Based on events that took place only a year earlier, Ichikawa's 1963 film, Alone Across the Pacific, details Horei Kenichi's amazing 94-day solo voyage from Osaka, Japan to San Francisco in a engine-less yacht. Kenichi, played by pop star and matinee idol Yujiro Ishihara (Crazed Fruit), is a headstrong and unapologetically individualistic young man, which puts him at odds with every aspect of Japan's post-war society. There is a popular proverb (kotowaza) in Japan that says, "The nail that sticks up gets hammered down." Kenichi, knowing that he is the nail sticking up, decides to put all of his effort into escaping from Japan and, in turn, from his own Japanese-ness. He puts every scrap of money he has saved from working odd jobs into the construction of a 19-foot yacht, The Mermaid, to get him across the ocean. The film begins with Kenichi sneaking off to his yacht in a row boat under the cover of darkness, as a law that restricts non-commercial sea craft from leaving Japanese waters is in place. As he gets his yacht out on the open waters, Kenichi is immediately beset by problems. First he is stuck adrift in Osaka Bay as no wind will come along to blow him out to sea. Then, a day-and-a-half later, when a wind finally shows up, it is followed by a storm of typhoon-like conditions. It is here that the film seems to be veering off into a man-against-nature type of story, but in actuality that is not the concern of the film at all.
As Kenichi sails along we get flashbacks of recent events leading up to his trip. We see him act the rude taskmaster with a couple of shipbuilders working on The Mermaid; we also see him callously and pointedly creating strife within his family when talking about his plans to sail to San Francisco; most revealingly though, we see a fellow sailing enthusiast of Kenichi reprimand him for being a "maverick" who doesn't understand the price others have to pay for him wanting to do things his own way. These moments, along with a tour de force, mid-film scene (shown in split screen) of a scrolling supplies list matched by shots of the said items' acquisition, use or bulk physicality, paint a full picture of this young man's make-up that we would not get otherwise by just watching him sit in the claustrophobic hull of his yacht. Ichikawa paints Kenichi as an obsessive, who in his single-minded determination comes across as alternately mired in an existential funk and propelled by a quixotic urge to sail to San Francisco.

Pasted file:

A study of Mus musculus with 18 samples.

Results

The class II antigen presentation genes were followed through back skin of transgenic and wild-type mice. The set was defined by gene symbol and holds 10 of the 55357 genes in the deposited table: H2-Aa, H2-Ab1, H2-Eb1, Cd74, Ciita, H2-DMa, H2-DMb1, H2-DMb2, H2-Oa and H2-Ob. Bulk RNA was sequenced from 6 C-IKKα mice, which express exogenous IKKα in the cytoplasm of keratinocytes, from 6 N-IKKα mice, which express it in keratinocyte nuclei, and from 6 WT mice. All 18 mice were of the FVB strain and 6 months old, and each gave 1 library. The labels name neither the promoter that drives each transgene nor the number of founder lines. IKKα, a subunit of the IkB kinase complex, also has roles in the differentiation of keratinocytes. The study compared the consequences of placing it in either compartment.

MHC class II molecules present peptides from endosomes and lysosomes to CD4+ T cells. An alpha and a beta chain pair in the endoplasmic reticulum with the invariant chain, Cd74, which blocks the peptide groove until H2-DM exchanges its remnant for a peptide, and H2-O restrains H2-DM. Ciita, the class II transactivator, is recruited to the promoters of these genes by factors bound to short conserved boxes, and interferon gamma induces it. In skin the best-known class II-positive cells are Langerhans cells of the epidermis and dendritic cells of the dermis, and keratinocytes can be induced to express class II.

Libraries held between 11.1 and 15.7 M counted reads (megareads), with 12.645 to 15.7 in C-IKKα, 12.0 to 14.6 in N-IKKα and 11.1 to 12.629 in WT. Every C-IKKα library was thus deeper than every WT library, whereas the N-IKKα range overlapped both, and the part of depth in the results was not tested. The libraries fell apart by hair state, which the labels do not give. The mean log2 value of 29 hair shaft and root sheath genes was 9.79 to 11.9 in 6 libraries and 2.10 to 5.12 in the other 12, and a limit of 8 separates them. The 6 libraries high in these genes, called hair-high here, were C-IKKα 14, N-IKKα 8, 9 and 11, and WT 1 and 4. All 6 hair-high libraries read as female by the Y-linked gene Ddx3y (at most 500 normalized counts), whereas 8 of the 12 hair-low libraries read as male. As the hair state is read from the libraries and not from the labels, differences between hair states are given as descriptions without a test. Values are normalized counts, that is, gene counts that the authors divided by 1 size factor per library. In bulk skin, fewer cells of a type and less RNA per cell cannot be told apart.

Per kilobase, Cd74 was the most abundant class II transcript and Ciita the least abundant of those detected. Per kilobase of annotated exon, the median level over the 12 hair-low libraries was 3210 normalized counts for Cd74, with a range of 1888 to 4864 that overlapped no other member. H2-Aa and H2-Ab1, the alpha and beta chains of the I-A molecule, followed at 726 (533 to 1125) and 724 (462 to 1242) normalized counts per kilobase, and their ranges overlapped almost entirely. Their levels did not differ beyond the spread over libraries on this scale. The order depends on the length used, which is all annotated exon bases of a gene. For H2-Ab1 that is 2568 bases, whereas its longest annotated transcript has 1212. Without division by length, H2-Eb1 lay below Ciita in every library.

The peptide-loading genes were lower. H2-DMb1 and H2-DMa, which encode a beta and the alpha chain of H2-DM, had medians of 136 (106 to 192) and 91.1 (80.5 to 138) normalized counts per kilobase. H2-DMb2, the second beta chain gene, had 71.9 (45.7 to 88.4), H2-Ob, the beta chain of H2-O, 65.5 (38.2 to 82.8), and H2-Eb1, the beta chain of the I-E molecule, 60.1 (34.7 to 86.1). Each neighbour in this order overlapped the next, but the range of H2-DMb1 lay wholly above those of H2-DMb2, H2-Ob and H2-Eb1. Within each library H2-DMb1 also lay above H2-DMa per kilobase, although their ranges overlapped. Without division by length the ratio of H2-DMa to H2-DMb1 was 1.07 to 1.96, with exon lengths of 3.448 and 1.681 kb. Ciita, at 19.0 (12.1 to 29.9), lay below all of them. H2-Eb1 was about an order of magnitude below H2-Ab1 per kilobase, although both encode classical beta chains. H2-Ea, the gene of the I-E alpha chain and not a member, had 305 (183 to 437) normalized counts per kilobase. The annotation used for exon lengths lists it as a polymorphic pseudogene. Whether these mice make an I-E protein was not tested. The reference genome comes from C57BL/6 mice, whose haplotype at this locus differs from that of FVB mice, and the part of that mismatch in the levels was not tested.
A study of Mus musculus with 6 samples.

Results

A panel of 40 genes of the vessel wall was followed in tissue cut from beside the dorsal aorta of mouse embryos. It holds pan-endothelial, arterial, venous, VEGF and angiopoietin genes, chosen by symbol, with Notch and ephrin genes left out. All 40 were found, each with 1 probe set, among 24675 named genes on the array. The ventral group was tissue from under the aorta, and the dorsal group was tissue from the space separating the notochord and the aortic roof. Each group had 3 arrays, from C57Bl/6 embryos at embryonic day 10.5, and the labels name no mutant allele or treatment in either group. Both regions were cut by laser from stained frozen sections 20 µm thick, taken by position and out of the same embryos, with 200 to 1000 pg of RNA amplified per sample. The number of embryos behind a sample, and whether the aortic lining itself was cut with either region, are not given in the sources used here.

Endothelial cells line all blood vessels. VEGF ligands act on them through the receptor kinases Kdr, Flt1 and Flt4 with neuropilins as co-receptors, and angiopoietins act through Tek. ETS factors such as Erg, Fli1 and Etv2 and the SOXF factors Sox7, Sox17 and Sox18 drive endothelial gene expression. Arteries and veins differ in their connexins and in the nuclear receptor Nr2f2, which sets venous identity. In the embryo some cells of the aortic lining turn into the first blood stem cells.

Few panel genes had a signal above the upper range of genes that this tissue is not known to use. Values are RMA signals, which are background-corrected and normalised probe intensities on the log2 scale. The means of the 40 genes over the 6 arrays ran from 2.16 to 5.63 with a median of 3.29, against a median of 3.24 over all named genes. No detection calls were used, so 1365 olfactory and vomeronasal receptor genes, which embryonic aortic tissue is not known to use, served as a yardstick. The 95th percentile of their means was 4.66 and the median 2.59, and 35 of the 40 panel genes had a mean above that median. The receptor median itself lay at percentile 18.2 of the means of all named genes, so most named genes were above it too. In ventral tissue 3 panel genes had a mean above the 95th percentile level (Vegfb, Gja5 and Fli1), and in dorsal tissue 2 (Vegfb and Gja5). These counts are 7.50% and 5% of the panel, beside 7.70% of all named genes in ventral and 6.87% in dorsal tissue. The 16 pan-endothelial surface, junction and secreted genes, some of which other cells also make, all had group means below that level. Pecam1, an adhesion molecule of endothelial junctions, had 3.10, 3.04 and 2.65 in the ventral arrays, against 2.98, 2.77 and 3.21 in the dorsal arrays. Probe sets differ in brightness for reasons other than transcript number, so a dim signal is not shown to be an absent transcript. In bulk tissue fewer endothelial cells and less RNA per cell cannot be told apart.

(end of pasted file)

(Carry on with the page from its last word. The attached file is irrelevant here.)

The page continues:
This type of character will, of course, sound familiar to people who have followed the films of Werner Herzog, but Ichikawa mined this territory first (and I would argue better) with his films The Burmese Harp, Enjo, Odd Obsession, An Actors Revenge, Tokyo Olympiad and this one. Where Herzog tends to emphasize the idea that obsession leads people to peer into the abyss of their own destruction or madness, Ichikawa views it as a great focusing agent. As Kenichi's voyage drags on, he begins to discover his own self-worth through his constant attention to the mundane tasks of survival. By the time he pulls into San Francisco Bay, he has gone through an almost Zen-like transformation. He left Japan to get away from the burden of Japanese societal obligation. He even went so far as to leave his Japanese identity behind him by refusing to get, much less carry a passport. But when he arrives in San Francisco, Kenichi finds himself transformed by his experience into a man who has found his place in the world. He has forged his own inner fortitude, and it is with this newfound strength that he has found a sense of harmony with and dedication to his surroundings. As in the film, so it was in real life. Horei Kenichi went on to be a kind of sailing activist, taking on waterborne challenges to promote environmentally friendly technologies and the use of recycled materials.
One final note about this film is that it has an interesting take on the core conflict in most Japanese storytelling, the conflict between giri and ninjō. Giri is, in simplified terms, the Japanese idea of an individual's obligation or duty to the group and/or social hierarchies. Ninjō on the other hand, is one's own personal emotions or attachments. In the classical mode of Japanese storytelling, the themes and plots arise from a conflict between giri and ninjō. But in Alone Across the Pacific, Ichikawa seems to be saying, in a similar manner as he does in The Burmese Harp, that the rejection of social obligations (giri) in favor of one's personal feelings of conviction (ninjō), if taken seriously, will lead a person to a more far reaching, inclusive and humane state of giri. If you ask me, that's an alright message coming from what could have easily been just another uplifting "man vs. nature" film.